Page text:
Providing a list of accused priests was not sufficient

The Day

April 1. 2019

It has been nearly two months since the Catholic Diocese of Norwich released its list of priests that it said had been credibly accused of sexual misconduct involving minors. If the purpose of releasing the list was intended to provide transparency and start to move past the scandal that has long dogged the church, it was an abject failure.

The problem is that Bishop Michael Cote wants to define the parameters of transparency, unadvised and unquestioned by any independent entity. He has lifted the veil, but only so far. The result is that rather than reassuring parishioners and the public, the attempt at coming clean has only generated more questions and, to a degree, created greater distrust about the church’s real intentions.

Was the intent to truly come to grips with what happened or to make a gesture and move on? The evidence suggests the latter was the greater motivation. It didn’t work.

The release of 43 names provided little context. There were names, dates of ordination, whether the individuals were removed from ministry, if they had died, and whether they were a member of the diocese at the time of the credible abuse allegations.

But there was no listing of the parishes these men had served in at the time of their abusive actions or information on the scope of their behavior or the number of potential victims. Most disappointingly, there was no acknowledgement of how their cases were handled by former bishops and the diocese.

The bishops were the enablers of this becoming a massive scandal. It is a reality many still appear unwilling to confront. How often were these priests reassigned, often after supposedly being “cured” by counseling of their propensity for deviancy, only to find new child victims in parishes left unaware of their past misconduct? Why were police or child welfare agencies not contacted? Or were they?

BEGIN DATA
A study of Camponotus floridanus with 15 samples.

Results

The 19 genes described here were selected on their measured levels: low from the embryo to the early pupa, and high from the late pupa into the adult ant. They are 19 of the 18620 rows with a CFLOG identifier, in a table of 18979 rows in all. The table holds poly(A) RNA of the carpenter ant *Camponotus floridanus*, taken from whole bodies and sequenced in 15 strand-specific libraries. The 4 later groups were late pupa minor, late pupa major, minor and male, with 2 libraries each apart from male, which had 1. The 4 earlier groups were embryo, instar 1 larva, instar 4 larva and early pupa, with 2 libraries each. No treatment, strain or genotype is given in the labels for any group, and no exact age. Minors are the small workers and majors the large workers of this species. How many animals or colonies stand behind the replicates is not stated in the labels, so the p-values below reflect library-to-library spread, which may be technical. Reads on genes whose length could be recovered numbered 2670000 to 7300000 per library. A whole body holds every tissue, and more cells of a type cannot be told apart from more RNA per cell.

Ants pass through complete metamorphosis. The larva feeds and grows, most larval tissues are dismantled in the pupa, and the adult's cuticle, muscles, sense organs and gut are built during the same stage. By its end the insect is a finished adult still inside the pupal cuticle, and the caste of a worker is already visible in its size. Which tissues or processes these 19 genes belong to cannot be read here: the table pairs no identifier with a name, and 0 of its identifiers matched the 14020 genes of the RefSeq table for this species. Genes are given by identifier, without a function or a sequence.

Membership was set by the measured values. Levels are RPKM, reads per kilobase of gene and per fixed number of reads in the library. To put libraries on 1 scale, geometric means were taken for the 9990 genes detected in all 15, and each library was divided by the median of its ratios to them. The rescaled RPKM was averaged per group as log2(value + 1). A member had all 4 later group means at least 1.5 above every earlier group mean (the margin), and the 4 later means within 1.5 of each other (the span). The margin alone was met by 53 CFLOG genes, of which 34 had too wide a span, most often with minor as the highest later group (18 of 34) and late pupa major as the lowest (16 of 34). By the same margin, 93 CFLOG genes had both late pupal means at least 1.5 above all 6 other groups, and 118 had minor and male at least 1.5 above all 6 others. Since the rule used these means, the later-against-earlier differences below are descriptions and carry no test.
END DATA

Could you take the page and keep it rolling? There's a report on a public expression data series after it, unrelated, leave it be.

As for what was released, the diocese fumbled and stumbled forward. Within days the diocese added three names of priests, men who served the Diocese of Norwich but had credible allegations lodged against them elsewhere.

Most troubling, the diocese removed the name of a former priest from the list, admitting there were no allegations of sexual abuse of a minor in the individual’s record, but making no apology. The priest, now deceased, had however ministered to the homosexual community in a manner that was in opposition to church teaching and orders. He was dismissed from the priesthood in 1994. Why was he listed? There was no explanation.

Evidence has continued to surface that there were other priests who faced credible claims of sexual abuse of children, but never made the list. At the time the diocese released the names, it stated $7.7 million had been paid out to victims, but did not state which priests were tied to settlements. Personal injury attorneys, who have represented plaintiffs suing the church for permitting the abusive conduct, said the settlement number appeared low. Soon after, the diocese announced another $900,000 settlement.